The Book of McBees
A few weeks ago, The New York Times Magazine published an intriguing profile of Barbara Ketcham Wheaton, a librarian and food historian engaged in a decades-long attempt to catalog all the world’s recipes in a single database. The whole article—written appropriately enough, as we’ll soon find, by Bee Wilson—is fascinating, but this was the part that caught my eye:
In the 1970s Wheaton discovered McBee cards. They were a primitive data system, in which different pieces of information could be encoded by punching holes to designate broad categories (date, gender, country). “After the cards are properly punched, whole packs of them can be searched by running a knitting needle through the desired hole in the pack and lifting it up,” Wheaton explained in a talk last summer at a food symposium held at Oxford. “When, if one is lucky, gems of information will drop out.” McBee cards had obvious limitations, however. “My categories kept expanding, and the cards did not.” Wheaton tried to improve the cards by adding color-coded edges, but then she ran out of colors.
I was immediately captivated by the idea, and I soon found another article on the subject by Kevin Kelly, of Wired and Cool Tools fame. Back in the day, McBee cards came perforated on every edge by tiny holes, and the user employed a special tool to cut a notch—associated with a particular category—that allowed a card to fall out of the deck when the rest of the cards were skewered together. Given more than one needle, or successive selections, you had the equivalent of logical and and logical or functions. Kelly notes that the cards, sold under the brand name Indecks, were used to create the database of items at The Whole Earth Catalog, in which Stewart Brand wrote:
What do you have a lot of? Students, subscribers, notes, books, records, clients, projects? Once you’re past fifty or one hundred of whatever, it’s tough to keep track, time to externalize your store and retrieve system. One handy method this side of a high-rent computer is Indecks. It’s funky and functional: cards with a lot of holes in the edges, a long blunt needle, and a notcher. Run the needle through a hole in a bunch of cards, lift, and the cards notched in that hole don’t rise; they fall out. So you don’t have to keep the cards in order. You can sort them by feature, number, alphabetically or whatever; just poke, fan, lift and catch…They’ve meant the difference [at the Catalog] between partial and complete insanity.
Reading over these descriptions, I began to wonder whether McBee cards would be useful as a writing tool, as a replacement or supplement to the index cards that many writers accumulate in such quantities. In some ways, a standard corkboard or separate stacks of conventional cards might seem preferable: they provide a necessary visual overview of the whole, rather than a single opaque deck, and the cards can be more easily recategorized and rearranged. (You can’t unnotch a McBee card.) But the McBee system offers some enticing advantages. For one thing, it’s portable: you can collapse the piles of cards that cover your desk into one rubber-banded deck, shuffle it, throw it into a backpack, and then easily restore the original order. Cards can also be sorted into more than one category, which is a genuinely useful feature. Let’s say you’re writing a novel like The Icon Thief, with multiple points of view, locations, and themes. Using the McBee system and some appropriate categories, you can quickly find all the scenes in which Maddy Blume appears, or the scenes set at Archvadze’s mansion, or the scenes in which the characters discuss the Rosicrucians—as well as any combination of the above. Instead of linearly categorizing each card only by where it appears in the book, you can “stack” cards across multiple dimensions with nothing but the thrust of a few needles. And I suspect that this method would yield connections and patterns that wouldn’t otherwise be visible.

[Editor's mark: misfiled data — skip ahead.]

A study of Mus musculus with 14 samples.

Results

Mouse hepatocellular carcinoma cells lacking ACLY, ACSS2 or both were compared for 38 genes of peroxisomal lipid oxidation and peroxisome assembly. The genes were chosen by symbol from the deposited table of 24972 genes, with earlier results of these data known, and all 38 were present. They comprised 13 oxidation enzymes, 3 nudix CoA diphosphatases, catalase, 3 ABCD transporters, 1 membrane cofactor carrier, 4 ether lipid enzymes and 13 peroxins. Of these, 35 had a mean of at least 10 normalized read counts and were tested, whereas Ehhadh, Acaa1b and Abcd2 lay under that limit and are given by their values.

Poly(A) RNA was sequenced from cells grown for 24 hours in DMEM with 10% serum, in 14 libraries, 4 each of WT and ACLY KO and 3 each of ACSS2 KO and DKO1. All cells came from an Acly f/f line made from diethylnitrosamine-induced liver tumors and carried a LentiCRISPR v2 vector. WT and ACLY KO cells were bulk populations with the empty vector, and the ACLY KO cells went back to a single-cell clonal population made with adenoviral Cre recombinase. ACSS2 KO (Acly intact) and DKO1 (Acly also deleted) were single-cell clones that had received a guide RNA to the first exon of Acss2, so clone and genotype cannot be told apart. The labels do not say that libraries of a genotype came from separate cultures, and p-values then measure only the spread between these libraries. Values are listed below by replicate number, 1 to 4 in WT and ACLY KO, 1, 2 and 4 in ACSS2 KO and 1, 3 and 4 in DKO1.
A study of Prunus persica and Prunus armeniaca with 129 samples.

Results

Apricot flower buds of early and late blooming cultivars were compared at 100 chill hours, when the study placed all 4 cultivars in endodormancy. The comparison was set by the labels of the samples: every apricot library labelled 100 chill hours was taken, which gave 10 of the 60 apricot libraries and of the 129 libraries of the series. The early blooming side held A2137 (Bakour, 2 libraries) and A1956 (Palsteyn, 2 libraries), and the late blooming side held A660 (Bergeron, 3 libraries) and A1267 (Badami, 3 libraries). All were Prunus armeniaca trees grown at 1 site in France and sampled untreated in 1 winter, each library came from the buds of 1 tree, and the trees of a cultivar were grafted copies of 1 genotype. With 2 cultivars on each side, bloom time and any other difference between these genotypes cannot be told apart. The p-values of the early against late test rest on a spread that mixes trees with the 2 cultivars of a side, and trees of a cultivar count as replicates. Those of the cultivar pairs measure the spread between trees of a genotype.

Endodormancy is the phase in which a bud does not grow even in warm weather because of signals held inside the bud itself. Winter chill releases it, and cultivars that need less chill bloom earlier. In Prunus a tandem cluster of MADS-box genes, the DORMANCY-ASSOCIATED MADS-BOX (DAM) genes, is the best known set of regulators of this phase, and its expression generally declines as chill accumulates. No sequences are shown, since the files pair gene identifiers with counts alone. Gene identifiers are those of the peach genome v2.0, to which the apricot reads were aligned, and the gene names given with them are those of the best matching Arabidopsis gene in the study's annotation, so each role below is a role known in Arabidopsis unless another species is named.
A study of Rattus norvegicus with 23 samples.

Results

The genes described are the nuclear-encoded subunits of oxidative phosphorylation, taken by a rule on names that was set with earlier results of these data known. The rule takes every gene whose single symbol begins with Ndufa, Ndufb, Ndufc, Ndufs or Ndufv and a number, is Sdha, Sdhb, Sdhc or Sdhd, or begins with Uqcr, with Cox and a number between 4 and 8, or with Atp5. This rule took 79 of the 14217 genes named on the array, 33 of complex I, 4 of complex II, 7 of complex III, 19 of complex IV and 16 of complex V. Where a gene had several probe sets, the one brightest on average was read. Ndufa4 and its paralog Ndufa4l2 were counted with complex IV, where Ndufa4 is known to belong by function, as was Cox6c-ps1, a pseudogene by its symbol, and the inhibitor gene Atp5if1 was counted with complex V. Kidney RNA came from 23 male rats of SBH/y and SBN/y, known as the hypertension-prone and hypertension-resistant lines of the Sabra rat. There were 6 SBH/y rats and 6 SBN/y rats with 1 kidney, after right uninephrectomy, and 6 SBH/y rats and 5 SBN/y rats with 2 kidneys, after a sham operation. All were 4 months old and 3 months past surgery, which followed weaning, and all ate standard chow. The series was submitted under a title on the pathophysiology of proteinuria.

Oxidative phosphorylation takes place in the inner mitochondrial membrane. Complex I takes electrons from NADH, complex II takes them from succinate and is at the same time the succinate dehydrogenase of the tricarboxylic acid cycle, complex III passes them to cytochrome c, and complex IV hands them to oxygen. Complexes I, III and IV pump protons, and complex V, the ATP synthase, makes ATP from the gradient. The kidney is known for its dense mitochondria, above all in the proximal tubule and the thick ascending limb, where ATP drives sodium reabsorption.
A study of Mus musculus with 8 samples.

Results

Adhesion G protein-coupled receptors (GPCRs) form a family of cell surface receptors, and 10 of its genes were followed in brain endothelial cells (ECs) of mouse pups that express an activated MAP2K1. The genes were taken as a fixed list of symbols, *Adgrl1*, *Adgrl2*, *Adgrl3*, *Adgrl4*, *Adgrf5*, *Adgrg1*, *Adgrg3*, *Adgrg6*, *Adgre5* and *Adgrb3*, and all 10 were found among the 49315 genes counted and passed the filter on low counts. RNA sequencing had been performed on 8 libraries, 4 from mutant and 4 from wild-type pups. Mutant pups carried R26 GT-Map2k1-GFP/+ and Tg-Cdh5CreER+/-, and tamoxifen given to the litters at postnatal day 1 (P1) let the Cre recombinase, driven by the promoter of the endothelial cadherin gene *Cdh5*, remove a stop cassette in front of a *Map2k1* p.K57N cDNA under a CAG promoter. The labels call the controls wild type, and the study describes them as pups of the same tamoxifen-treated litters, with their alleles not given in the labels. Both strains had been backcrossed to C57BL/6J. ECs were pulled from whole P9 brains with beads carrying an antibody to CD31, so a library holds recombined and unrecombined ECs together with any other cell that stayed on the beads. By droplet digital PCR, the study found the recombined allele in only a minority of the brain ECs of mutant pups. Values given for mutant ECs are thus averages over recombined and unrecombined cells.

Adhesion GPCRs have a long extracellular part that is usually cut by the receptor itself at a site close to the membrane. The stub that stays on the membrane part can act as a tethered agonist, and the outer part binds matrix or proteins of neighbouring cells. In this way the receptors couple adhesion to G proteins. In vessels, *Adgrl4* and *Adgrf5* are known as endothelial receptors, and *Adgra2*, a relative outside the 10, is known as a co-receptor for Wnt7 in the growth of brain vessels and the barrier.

Obviously, you can do much the same with a database or spreadsheet. But the tactile use of cards, as I’ve said elsewhere, confers other advantages: writing on physical cards with ink and manipulating them with your hands seems to yield insights and surprises that don’t appear when everything is in digital form. As a result, I’m seriously considering using McBee cards for my next big project—assuming that I can get my hands on some. As Kelly points out, there are “no sellers on eBay, no fan sites, no collector sites, no historical web pages, and no evidence that anyone is still using them. They are gone. Blasted out by the first computers.” But there might still be a place for them. They’d be particularly useful in applications in which the categories are clearly defined, as with Wheaton’s recipes, or with the bird or tree identification decks that are still gathering dust somewhere. Users could combine the easy searchability of a database with the rougher, more intuitive benefits that come from shuffling and stacking. (They’d also be a fantastic tool for tabletop games.) At least one writer has described making a deck at home, but the process seems unnecessarily laborious. They seem ideally suited for a modest Kickstarter campaign: all you’d need was a machine for punching the perforations, a supply of notching tools and knitting needles, and the cards themselves, presumably in colors and patterns cute enough to appeal to the hipster crowd. It’s a razor and blades model: once you sell someone a set, you can keep selling them the replacement decks, or starter kits with templates for recipes or other standard uses. If anyone reading this is an entrepreneur looking for an idea, consider this a freebie. I’d buy one in a second, and for a lot of other writers, I think they’d be the bee’s knees.